Nearly 13.8 billion years ago, a cosmic event called the Big Bang brought our universe into existence. It started off as a tiny pinprick and has only been growing since then, hosting innumerable galaxies, stars, black holes, and planets.

Today, the universe has grown so big that it is difficult to comprehend its dynamics. It is still expanding at a rapid rate, something that has prompted scientists across the globe to locate distant objects from the early universe and understand how it has been evolving. One such effort has led to the discovery of most distant radio galaxy in the observable universe.

From distant space objects, light can take millions or even billions of years to reach us. Meaning, the objects we are seeing right now are actually what or how they appeared several billion years ago. This acts as a way to look back in time and explore galaxies, stars, and black holes from different phases of the universe’s life.

Due to the massive distances involved, the farther we move towards a young universe, the amount of viable data decreases. However, in this particular case, an international team of astronomers spotted a radio galaxy sitting some 12 billion light-years away from Earth or at a time when the universe was merely 7 percent of its current age.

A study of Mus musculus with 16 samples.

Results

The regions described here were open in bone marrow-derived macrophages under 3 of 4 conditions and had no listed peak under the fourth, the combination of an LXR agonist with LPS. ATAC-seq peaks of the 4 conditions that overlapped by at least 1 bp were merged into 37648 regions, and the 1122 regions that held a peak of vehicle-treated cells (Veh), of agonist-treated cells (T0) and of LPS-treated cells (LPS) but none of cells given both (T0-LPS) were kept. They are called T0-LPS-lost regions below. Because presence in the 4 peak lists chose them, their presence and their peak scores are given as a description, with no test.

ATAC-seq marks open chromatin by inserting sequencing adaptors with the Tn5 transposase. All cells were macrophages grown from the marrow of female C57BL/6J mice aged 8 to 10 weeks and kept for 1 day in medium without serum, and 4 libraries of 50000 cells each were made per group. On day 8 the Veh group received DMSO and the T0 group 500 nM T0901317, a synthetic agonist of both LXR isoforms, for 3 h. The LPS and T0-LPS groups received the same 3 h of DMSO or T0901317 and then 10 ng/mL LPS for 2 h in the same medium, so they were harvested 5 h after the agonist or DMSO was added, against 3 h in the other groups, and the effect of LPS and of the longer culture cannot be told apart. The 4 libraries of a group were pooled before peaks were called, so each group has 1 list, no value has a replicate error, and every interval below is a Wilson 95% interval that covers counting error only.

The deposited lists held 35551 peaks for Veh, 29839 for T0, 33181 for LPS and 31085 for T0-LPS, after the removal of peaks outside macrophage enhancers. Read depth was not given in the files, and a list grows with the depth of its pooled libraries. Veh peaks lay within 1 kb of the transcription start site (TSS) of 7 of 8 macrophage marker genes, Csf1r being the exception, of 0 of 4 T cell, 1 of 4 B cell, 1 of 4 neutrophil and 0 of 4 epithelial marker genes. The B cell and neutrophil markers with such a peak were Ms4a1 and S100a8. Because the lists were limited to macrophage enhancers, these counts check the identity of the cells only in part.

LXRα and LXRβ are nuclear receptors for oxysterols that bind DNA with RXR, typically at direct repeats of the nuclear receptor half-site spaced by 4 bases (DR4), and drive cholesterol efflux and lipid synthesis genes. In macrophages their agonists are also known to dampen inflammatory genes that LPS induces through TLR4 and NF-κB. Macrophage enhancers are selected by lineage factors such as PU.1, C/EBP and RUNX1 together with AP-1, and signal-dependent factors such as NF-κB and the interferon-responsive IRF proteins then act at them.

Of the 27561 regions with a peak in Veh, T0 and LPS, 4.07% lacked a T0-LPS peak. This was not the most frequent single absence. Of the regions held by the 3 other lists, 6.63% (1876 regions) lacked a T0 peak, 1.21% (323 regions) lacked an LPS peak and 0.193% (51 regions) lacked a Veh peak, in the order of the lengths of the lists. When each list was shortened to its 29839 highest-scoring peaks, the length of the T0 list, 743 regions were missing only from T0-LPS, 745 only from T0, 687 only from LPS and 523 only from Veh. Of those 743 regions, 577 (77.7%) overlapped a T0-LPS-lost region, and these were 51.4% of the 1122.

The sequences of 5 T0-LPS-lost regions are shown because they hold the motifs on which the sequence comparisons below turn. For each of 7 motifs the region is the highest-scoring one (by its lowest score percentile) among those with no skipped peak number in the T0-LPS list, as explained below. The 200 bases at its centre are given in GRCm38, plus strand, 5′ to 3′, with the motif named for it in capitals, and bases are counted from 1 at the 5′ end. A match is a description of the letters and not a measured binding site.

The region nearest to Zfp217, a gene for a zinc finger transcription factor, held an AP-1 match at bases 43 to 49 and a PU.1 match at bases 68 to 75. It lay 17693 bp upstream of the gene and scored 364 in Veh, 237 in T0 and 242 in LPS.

Radio galaxies are some of the most distinct active galaxies in the visible universe. They appear very luminous at radio wavelength due to the presence of supermassive black holes at their centers.

As the researchers described, the black holes sitting in these galaxies accrete gas and dust from their proximity and give away powerful jet streams. These high-energy jets accelerate charged particles present in the colossal galaxy and produce a radio emission, which astronomers are able to detect — just like in this case.

The team, which included astronomers from the Netherlands, Brazil, the United Kingdom, and Italy, spotted the radio galaxy type emission while taking observations from the Giant Meter Wave Radio Telescope (GMRT) in India.

Follow-up observations from the Gemini Telescope in Hawaii and the Large Binocular Telescope in Arizona confirmed the redshift the galaxy — the shift in radiation towards the longer, redder end of the spectrum — and helped the team confirm its distance.

Till date, scientists thought radio galaxies formed much later in the universe’s existence, but this early universe discovery came as a major surprise. At a distance of 12 billion light-years from Earth, this galaxy was the farthest one to be seen in the known universe.

"It is very surprising that these galaxies have built their mass in such a short period of time,” Aayush Saxena, the first author of the work from Leiden Observatory, said in a statement.

The find, as the researchers explained, breaks a 19-year-old record. But more importantly, it is helping researchers understand the birth and evolution of primordial galaxies and black holes of the universe.

"Bright radio galaxies harbor super-massive black holes,” study co-author Huub Röttgering added. “It is amazing to find such objects as early in the history of the Universe: the time for these supermassive black holes to form and grow must have been very short." Black holes are known to drive the growth of galaxies and the team believes understanding their early dynamics by peering deeper into the cosmos could be the key to gain more insight galactic evolution.